Cases That Test Your Skills

Treating late-life decline: When more is less



 

References

History: A fading memory

Mrs. S, 85, lives alone in her home of 40 years. Over the past 3 years, she has complained increasingly about headaches, fatigue, and back pain. The cause of these vague physical difficulties has not been determined.

Her daughters say that Mrs. S has become increasingly forgetful. She often does not remember family visits, has difficulty organizing her bank accounts, repeatedly misplaces her pocketbook, and on one occasion became lost on her way to the supermarket. Once fairly social, she has become increasingly isolated.

How would you address Mrs. S’ impaired memory? What medical or psychiatric problems might her forgetfulness indicate?

Dr. Verma’s observations

This case illustrates the fundamentals of geriatric care, the first of which is to preserve—if not enhance—the patient’s function (Box). Forty years ago, Kral1 identified “benign senescent forgetfulness” as a normal aspect of aging. Current research, however, suggests that “senescent forgetfulness” is not always benign. Alexopoulos, Krishnan, and others2,3 have shown that depression manifesting in late life is accompanied by significant white-matter change and substantially increases the risk of developing dementia.

Well past the point of isolated forgetfulness, Mrs. S is exhibiting functional decline and cognitive impairment in multiple domains. The question is, are these symptoms the result of a medical problem such as Alzheimer’s disease or dementia, a psychiatric disorder, or both? The workup and management of these complaints can dramatically affect subsequent outcomes.

Vague medical complaints of unknown cause should not necessarily imply that the problem is psychiatric. The clinician should rule out common medical causes of cognitive decline, including:

  • drug toxicity, especially after anxiolytic and sedative-hypnotic agents have been administered
  • endocrine dysfunction, such as hypothyroidism
  • and CNS neoplasms (Table 1).

Box

10 FUNDAMENTALS OF GERIATRIC CARE
  1. Preserve—if not enhance—the patient’s function
  2. Respect equilibrium; even apparently simple drug interventions can unintentionally upset a precarious adaptive reserve and trigger functional decline
  3. Beware of drug-drug interactions; most older persons are taking multiple medications
  4. Start low and go slow, but do not stop at subtherapeutic dosages
  5. Carefully consider a psychotropic’s side-effect profile
  6. Nondrug interventions are almost always safer than drugs
  7. Drugs do not replace compassion and caring
  8. Two (or more) drugs are not better than one
  9. One drug does not fit all patients
  10. Primum non nocere

A detailed history (still the best diagnostic procedure), a thorough physical evaluation, and routine lab tests can usually help rule out most of these causes. On the other hand, affirmative diagnosis when psychiatric symptoms are evident can minimize testing that can be emotionally, physically, and financially draining to the patient. In Mrs. S’ case, the prominence of the cognitive decline and attendant social withdrawal clearly point to depression or dementia.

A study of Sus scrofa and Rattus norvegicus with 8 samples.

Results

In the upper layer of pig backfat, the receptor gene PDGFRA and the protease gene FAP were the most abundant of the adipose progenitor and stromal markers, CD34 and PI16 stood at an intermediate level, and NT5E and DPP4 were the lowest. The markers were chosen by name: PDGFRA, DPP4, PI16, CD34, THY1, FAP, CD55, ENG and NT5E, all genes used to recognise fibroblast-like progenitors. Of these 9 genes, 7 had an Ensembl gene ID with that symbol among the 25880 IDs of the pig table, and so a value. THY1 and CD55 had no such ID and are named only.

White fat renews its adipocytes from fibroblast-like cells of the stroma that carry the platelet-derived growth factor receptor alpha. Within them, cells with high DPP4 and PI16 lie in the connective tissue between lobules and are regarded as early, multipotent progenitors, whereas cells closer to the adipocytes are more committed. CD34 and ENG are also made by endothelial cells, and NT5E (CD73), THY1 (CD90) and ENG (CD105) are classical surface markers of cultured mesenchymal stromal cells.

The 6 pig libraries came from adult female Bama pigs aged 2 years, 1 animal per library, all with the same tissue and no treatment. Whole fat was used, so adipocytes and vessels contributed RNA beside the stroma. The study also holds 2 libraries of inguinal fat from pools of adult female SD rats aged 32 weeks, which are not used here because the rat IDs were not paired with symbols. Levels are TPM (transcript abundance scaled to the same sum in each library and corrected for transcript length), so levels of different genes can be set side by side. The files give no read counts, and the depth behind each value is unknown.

The significant overlap between depression and dementia further complicates the diagnosis. Neuropsychological testing can uncover distinguishing factors, but it may help to empirically consider that all late-life depression with cognitive impairment may be secondary to early dementia.

Initiating early drug treatment of dementia with a cholinesterase inhibitor such as donepezil, galantamine, or rivastigmine may slow the trajectory of decline. Vascular risk factors—hypertension and diabetes in particular—also need to be controlled. Low-dose aspirin may help prevent microembolic phenomena.

A selective serotonin reuptake inhibitor (SSRI) can alleviate the depression. If mild paranoia is noted, adding an atypical antipsychotic at a low dosage (olanzapine, 1.25 to 5 mg once daily or risperidone, 0.5 to 1.0 mg/d divided in two doses) may help.

Above all, encourage the patient to remain physically and mentally active. To this end, the clinician should enlist the family and other caregivers to help motivate the patient. Involvement in a day program or similar program may alleviate the patient’s social isolation.

Treatment: New surroundings

Since her initial evaluation 1 year ago, Mrs. S reluctantly has moved into an assisted living facility at her daughters’ insistence. She adjusted well—at least for the first month or so. She then starting calling her daughters at all hours, complaining of being alone and scared. She was taken to a new internist, who prescribed oxazepam, 15 mg bid, for an “anxiety disorder.”

Instead of adjusting to her new surroundings, Mrs. S began to withdraw further. She stayed in her room most days, not even venturing to the dining room for meals. Her personal hygiene deteriorated. According to staff reports, “Mrs. S did not mix with the other residents,” and was becoming “increasingly paranoid.” Her calls to her family had escalated into bitter complaints that people were stealing her belongings.

Table 1

COMMON CAUSES OF DEMENTIA

ReversibleIrreversible
DepressionAlzheimer’s-type dementia
DeliriumVascular dementia
Drug toxicityLess common causes
Anxiolytics Lewy body dementia
Sedative-hypnotic drugs Parkinsonian dementia
Pick’s disease

Mrs. S again visited the internist who, upon hearing that the patient was becoming more paranoid, assumed that she was exhibiting psychotic features. The internist diagnosed Mrs. S as having late-onset Alzheimer’s-type dementia with delusions and added haloperidol, 0.5 mg tid, to her regimen.